If you don’t yet own a wearable, you soon will if the latest industry research is anything to go by. Smart devices for the body are one of the fastest growing markets in tech, but what does the future hold?
One of the fastest growing segments of the technology industry, wearables are rapidly hitting the mainstream. How much and how quickly depends on what you include into the category.
What is a wearable?
One of the issues is the term isn’t universally recognized. Apple, for instance, doesn’t use the term in any of its marketing materials and you’ll struggle to find it anywhere on its website.
Market research firm IDC classifies wearables as watches, wristbands, eyewear, smart clothing, and an "other" category. Together, they're expected to achieve sales of 101.9 million units by the end of this year, a 29 percent growth rate over 2015.
According to the report in PC Magazine, IDC acknowledges that the wearables market is somewhat incoherent and will likely change in the future.
The future of wearables
So, if you’re planning on entering the wearables market in the coming year, our best advice for you comes straight from the mouth of Canadian ice hockey legend Wayne Gretzky: “A good hockey player plays where the puck is. A great hockey player plays where the puck is going to be.”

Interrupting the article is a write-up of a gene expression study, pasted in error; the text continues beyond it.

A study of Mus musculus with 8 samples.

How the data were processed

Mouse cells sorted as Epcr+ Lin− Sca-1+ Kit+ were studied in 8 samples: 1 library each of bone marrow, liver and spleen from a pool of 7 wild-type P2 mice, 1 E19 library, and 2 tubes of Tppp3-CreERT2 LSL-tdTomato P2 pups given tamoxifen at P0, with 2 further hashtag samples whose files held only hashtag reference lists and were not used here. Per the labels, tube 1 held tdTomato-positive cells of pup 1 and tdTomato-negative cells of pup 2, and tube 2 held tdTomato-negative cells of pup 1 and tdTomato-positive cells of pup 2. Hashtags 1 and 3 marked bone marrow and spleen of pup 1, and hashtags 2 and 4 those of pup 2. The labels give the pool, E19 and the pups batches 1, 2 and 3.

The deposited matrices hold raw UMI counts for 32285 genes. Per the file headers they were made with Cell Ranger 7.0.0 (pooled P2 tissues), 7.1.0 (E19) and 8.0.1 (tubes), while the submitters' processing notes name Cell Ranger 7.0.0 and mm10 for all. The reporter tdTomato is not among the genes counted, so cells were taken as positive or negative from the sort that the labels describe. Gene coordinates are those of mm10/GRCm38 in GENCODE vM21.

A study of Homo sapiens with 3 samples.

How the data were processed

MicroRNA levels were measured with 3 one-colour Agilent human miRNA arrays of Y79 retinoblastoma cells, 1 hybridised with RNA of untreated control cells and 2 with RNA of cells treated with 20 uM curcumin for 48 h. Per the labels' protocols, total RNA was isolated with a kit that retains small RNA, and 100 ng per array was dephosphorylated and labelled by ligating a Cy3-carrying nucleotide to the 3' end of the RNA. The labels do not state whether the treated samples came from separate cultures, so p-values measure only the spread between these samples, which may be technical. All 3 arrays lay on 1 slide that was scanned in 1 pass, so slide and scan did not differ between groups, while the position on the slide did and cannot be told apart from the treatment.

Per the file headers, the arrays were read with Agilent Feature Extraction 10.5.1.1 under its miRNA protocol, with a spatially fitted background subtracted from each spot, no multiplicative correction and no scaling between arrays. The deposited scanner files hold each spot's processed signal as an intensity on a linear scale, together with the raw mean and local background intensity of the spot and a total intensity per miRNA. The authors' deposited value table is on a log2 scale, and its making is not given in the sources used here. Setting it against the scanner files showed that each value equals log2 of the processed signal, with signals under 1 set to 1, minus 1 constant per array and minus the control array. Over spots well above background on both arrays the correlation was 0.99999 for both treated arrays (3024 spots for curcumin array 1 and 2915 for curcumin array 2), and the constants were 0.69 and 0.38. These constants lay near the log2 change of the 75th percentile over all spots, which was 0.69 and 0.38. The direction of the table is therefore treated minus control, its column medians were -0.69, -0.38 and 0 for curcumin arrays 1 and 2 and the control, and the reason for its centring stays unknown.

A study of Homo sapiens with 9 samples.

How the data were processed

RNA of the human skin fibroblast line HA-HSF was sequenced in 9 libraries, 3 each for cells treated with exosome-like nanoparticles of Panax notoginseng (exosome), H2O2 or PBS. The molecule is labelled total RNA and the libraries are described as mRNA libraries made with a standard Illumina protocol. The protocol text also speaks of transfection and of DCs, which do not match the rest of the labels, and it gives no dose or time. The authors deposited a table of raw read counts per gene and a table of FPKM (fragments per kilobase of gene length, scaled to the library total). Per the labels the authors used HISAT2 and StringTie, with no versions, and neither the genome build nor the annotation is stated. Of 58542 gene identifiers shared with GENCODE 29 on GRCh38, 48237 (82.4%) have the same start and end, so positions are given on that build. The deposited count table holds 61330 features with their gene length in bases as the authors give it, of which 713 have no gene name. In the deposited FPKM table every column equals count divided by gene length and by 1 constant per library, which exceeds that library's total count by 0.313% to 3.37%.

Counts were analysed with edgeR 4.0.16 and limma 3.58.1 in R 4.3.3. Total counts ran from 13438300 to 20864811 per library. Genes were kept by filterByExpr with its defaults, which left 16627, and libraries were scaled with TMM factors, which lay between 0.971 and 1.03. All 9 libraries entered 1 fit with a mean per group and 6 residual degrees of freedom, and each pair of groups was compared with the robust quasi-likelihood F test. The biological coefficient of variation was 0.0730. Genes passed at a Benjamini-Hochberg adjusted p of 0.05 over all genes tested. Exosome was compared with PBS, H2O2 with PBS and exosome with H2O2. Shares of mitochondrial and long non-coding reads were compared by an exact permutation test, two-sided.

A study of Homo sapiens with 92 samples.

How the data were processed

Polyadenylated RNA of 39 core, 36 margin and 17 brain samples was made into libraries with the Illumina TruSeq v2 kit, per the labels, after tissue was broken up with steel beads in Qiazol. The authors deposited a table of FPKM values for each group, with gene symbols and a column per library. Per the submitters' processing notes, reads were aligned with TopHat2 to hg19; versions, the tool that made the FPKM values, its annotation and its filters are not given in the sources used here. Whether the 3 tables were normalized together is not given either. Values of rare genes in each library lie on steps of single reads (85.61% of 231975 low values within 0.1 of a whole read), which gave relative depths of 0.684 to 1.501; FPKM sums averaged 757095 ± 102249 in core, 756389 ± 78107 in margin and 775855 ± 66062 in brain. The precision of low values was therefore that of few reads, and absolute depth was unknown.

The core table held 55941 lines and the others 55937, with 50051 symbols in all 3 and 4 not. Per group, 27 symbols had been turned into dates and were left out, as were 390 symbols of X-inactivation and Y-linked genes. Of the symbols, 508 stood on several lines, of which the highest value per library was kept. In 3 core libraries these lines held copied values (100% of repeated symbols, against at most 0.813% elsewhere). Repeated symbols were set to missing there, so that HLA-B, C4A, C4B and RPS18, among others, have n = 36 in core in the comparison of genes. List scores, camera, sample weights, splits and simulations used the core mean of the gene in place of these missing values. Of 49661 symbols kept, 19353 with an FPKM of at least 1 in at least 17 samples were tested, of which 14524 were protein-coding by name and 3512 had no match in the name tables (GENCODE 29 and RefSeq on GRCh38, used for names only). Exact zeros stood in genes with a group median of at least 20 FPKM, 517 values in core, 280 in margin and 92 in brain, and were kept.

In other words, you shouldn’t be thinking of smart watches or fitness trackers. Why? Because by 2020, IDC predicts the following compound annual growth rates for connected devices:
- Wristbands: 4.3%
- Smartwatches: 27.8%
- Eyewear: 201.2%
Think outside the box
When most people think wearables, they are still thinking of smart watches and fitness bands, but it’s smart clothing and tech-infused eyewear that will fuel the growth and interest in the market sector, along with the next generation of functionality.
Such devices are expected to transform certain job functions but also have the potential to be a hit in consumer markets. Thinking further ahead, electronic skin has the potential to be a complete game-changer in the medical world.
Look at the bigger picture. Are you playing where the puck is, or heading into the space where the puck is going to be?